Categorized | Alumni, News

Cassava: Adding Value for Africa – the next phase

kolawole-adebayoDr Kolawole Adebayo (2001 Commonwealth Split-site Scholar from Nigeria, PhD in Agricultural Extension and Rural Development, University of Agriculture, Abeokuta, Nigeria and University of Reading) is a Reader in Agriculture at the Federal University of Agriculture, Abeokuta. He has worked as Project Manager, Cassava: Adding Value for Africa (C:AVA), and he was formerly based at the Natural Resources Institute, University of Greenwich.

Cassava is a root crop and staple food across the developing world. Africa produced 117.9 million Mt of cassava in 2007, making it the most important root crop as well as a major source of dietary calories. Cassava is important as a famine reserve, food and cash crop, industrial raw material and livestock feed.

The C:AVA Project has been supported by the Bill and Melinda Gates Foundation. It builds on previous research and pilot activities in many countries in Africa to scale-up market access by working with small-medium sized enterprises, linking producers and processors to growth markets to increase incomes and employment opportunities in sub-Saharan Africa.

C:AVA has aimed to develop value chains for High Quality Cassava Flour (HQCF), as a means of increasing small-holder incomes. C:AVA has been working to increase demand for HQCF as a cheap industrial ingredient in food processing operations, bakeries and industry, and works with local partners to nurture rural entrepreneurs and improve rural quality of life.

The project has focused on five countries: Nigeria, Ghana, Tanzania, Malawi and Uganda that produce over 60 % of the cassava grown in Africa. In each operational region, cassava farmers and processors have been supported in production and processing activities through partnership with NGOs or other extension services.

The C:AVA project has become influential in all of the five countries in which it operates as the source governments, agencies and agribusinesses go to for objective,  considered advice on cassava processing, and particularly HQCF.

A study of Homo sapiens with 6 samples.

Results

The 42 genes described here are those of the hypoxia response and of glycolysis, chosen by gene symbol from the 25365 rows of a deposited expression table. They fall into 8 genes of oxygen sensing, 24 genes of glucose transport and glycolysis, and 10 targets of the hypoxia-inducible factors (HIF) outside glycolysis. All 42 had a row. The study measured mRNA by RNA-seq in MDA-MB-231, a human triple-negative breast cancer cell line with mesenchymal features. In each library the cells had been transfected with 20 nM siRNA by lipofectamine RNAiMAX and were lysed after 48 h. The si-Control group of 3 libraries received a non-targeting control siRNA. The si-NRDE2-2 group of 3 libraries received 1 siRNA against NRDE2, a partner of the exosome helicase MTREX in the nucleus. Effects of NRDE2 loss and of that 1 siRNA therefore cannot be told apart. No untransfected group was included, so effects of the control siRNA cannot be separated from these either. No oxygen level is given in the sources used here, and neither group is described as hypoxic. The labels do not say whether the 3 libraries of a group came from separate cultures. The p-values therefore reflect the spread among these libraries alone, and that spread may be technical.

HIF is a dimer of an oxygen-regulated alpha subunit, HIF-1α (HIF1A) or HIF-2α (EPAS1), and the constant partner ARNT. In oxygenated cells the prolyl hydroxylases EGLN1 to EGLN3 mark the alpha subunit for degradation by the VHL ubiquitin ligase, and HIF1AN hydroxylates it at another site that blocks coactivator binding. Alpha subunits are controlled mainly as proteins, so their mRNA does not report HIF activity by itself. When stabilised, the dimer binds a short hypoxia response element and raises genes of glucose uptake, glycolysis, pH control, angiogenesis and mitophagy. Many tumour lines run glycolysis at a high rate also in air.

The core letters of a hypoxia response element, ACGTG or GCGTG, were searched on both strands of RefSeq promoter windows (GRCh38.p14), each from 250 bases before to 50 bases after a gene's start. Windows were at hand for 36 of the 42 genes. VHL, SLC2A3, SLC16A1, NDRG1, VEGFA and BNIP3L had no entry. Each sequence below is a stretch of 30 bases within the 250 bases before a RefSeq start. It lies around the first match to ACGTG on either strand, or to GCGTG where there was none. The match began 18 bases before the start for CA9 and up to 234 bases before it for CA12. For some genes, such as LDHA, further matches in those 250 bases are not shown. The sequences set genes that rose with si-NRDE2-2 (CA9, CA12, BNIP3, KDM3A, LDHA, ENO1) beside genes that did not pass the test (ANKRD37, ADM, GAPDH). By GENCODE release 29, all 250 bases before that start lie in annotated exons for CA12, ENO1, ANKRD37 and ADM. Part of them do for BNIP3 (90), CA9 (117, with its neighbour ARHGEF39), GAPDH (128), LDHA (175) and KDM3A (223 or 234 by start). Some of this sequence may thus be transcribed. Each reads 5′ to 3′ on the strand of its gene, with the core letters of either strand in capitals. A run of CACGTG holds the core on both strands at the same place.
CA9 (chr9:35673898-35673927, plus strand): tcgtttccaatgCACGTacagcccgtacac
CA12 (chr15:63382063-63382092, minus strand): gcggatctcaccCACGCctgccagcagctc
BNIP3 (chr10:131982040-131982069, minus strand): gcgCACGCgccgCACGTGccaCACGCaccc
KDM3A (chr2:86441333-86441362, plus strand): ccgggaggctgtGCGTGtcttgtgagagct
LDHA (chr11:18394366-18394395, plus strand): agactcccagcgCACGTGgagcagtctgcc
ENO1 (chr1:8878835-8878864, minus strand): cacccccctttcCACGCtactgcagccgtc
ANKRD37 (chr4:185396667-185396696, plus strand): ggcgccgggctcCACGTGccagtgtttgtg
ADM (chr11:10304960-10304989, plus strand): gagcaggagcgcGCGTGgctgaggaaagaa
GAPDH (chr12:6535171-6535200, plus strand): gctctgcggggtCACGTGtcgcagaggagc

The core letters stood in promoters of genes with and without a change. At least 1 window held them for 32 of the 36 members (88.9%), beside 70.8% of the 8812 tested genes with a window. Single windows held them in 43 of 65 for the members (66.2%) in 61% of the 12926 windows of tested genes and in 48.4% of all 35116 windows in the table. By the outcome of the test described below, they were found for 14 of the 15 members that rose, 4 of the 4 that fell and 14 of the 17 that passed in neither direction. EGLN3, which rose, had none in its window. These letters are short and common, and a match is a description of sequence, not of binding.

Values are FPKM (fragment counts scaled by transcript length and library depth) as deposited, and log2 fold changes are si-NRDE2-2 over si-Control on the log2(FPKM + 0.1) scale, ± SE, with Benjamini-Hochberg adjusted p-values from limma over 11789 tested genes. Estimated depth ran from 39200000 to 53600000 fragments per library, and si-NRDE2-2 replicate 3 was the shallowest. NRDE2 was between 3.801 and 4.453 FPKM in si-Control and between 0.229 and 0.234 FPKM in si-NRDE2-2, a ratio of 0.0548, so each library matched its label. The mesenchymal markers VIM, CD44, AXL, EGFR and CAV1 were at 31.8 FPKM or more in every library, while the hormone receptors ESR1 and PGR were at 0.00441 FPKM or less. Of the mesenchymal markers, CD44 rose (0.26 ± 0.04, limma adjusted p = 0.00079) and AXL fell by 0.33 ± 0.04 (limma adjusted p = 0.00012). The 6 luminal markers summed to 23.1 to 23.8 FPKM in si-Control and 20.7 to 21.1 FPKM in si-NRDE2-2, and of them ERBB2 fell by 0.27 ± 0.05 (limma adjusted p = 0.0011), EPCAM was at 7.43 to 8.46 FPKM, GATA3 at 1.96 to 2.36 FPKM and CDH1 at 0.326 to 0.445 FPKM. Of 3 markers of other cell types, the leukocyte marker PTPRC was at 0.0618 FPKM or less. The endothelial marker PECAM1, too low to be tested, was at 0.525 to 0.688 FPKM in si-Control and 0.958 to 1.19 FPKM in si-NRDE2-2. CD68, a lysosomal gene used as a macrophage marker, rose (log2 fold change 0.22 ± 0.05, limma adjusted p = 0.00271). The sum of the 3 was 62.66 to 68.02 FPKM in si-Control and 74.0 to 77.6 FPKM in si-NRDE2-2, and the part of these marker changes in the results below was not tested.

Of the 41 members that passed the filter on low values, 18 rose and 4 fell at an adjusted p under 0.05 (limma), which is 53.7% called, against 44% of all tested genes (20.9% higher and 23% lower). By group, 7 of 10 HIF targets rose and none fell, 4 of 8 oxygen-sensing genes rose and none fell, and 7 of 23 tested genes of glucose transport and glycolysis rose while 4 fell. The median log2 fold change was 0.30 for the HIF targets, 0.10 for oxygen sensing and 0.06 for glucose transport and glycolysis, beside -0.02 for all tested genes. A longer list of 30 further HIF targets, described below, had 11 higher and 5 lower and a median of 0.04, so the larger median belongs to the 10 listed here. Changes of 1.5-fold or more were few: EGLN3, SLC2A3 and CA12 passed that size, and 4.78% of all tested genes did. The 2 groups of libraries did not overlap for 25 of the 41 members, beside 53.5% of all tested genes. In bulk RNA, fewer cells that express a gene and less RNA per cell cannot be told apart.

The CAVA project has touched the lives of over 90, 000 smallholder farmers in Africa, helping improve their livelihoods and those of local communities has been achieved by working across the value chain to: provide objective research, making strategic technological improvements possible, linking suppliers with markets, and encouraging efficient, sustainable investments from processors, users and governments.

Kolawole has been asked by the Gates Foundation to prepare a proposal for a second phase of the project with African leadership as a main condition, and he would continue as Project Director and be based at the University of Agriculture Abeokuta.

The vision for the next phase of the project would look to extend the number of smallholder farmers helped. Within five years, it would aim to assist 250,000 smallholder farmers, encouraging them to adopt new varieties and better agronomic practices which could double their cassava yields.

Kolawole is grateful for the support shown by the Gates Foundation. ’I am humbled by the interest that the Bill and Melinda Gates Foundation has shown in taking the project to a second phase with increased African leadership.’

But, Kolawole believes that his experience as a Commonwealth Split-site Scholar has also been pivotal in his ability to manage this large-scale international project which has strengthened food security and production in a number of African countries.  ‘It is evidence that the years of investment by the Commonwealth Scholarship Commission and others to train high level leadership for the continent is yielding these desired results and benefits.”.